It can be a frustrating experience watching Clarice. It has a top-notch cast, who can handle anything the show throws at them, but unfortunately, the show isn’t throwing enough at them. Despite its improvements, the show is still a bog-standard CBS procedural.
Over the years, I’ve made no secret of my preference for “monster of the week” episodes over overarching storylines. On a show like this, though, it makes sense to have continuing stories. That still doesn’t necessarily make it exciting to watch.
If you haven’t guessed, then yep. We’re still on the story from last week, which was also the story from the pilot. VICAP messed up royally last week in about a million different ways. But most importantly, of course, they let two phonies into the building. Well, that’s not the most important part. The most important part is that one of those phonies practically yelled, “It’s a distraction!” while the other one got close enough to Wellig, one of their *checks notes* two witnesses, to kill him. Kind of a big whoopsy-do.
So the VICAP team is put on desk duty this week, expected to sit there and man the phone lines while Krendler’s rival, Special Agent Tony Herman (David Hewlett), and his team of factory-fresh G-Men investigate. Herman basically has no use for Clark, Tripathi, or Esquivel, but he seems to think he can snap Clarice. Uh, bringing in her (one) friend, Ardelia, to work the case against her was not the move, though, bro. It just makes Clarice snappy, and drives a wedge between her and again, her single, solitary friend.
The other reason why they bring in Ardelia is seemingly so the show can comment on the systemic discrimination that keeps Black agents tucked away in lesser roles at government agencies. Or so they can quote Audre Lorde, a real wildcard moment for the show? It’s a noble thought, but it ends up not making much sense. Ardelia, in conversation with another Black agent, finishes his allusion to Lorde’s The Master’s Tools Will Never Dismantle the Master’s House, as if to say that she understands that. But she still plugs away, working on the case. Then she’s surprised when Herman acknowledges her hard work by passing it on to another agent? Like, ma’am, how did you think this would play out? I mean, no shade to the actress or character, but this execution is clumsy.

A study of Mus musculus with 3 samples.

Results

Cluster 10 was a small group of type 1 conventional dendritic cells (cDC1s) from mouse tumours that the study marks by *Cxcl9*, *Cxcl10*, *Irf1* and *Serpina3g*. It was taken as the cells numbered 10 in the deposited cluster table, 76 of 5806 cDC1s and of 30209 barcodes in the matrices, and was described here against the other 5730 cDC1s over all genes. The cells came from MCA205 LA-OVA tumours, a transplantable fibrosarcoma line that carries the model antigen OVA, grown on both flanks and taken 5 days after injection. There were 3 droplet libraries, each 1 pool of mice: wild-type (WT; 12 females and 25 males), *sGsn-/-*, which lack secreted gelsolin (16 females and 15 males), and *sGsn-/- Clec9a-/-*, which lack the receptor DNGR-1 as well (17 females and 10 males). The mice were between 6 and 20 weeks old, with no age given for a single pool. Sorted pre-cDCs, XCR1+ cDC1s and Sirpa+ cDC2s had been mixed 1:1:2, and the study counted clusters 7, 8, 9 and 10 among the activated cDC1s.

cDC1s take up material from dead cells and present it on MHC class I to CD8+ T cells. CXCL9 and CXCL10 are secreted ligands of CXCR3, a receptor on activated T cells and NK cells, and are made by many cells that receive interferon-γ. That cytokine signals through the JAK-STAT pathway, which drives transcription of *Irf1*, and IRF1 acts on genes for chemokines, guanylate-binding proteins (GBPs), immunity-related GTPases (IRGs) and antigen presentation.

It’s good that she doesn’t let Clarice off the hook, though. It might be tempting to be more sympathetic to Clarice because she’s physically unimposing and she has an accent that often engenders condescension. But this is a show predicated on her being a brilliant agent. She can take it and she needs to know better.
Meanwhile, although VICAP is supposed to sit at the desks and be good little agents, only Clark does so, for plausible deniability. Actually, with his office stash of “sad” porn, his wisecracks, and the gonzo phone calls he answers, he might have my favorite plotline this week. It’s certainly better than sad sack Krendler, who throws himself on a grenade to cover his team.
His team, meanwhile, is just pulling out more grenades. Tripathi, Esquivel, and Clarice are all like, “Uh, we have to go to the bathroom.” Actually, they’re going to find Rebecca Clarke-Sherman’s (Caitlin Stryker) notes on the clinical trials. It seems like a bust at first, but they actually gave Tripathi something to do this week, yay. Well, he did it offscreen, but he got a document Clarke-Sherman apparently left in a copier tray.
That leads them to Marilyn Felker, the very suspicious doctor who was running the trial. When they visit her apartment, it’s practically laid out for evidence collection. While Felker is in the wind, her sister Luanne (Natalie Brown) is working at a local care facility. (A local haunted antebellum care facility, I say–why is this place so dark?) As the odd details pile up, only increasing Clarice’s suspicions, she returns to the Gaslight Convalescent Home to speak with Luanne again. This time, she’s a real nosy Nancy, though, and starts looking at the patients, one of whom she realizes looks exactly like Luanne.
But again with the clumsy execution. This show has an unfortunate habit of having its characters say things that are completely obvious as if they don’t trust the audience to draw conclusions. Or they’ll do like this, and stick in a flashback to Clarice seeing a photo of the women as teens, one of whom uses a wheelchair.
Back at the house, the vendettagation against VICAP is suddenly dropped, after someone–probably not Krendler–alters the coroner’s report to say that Wellig died of a stroke. And that would probably be something Clarice would be heartened to hear, if Marilyn hadn’t just jabbed a syringe of something into the agent’s neck.
7/10 – This show has a good premise and a good cast. But it needs better material and it also needs to expect more of its audience.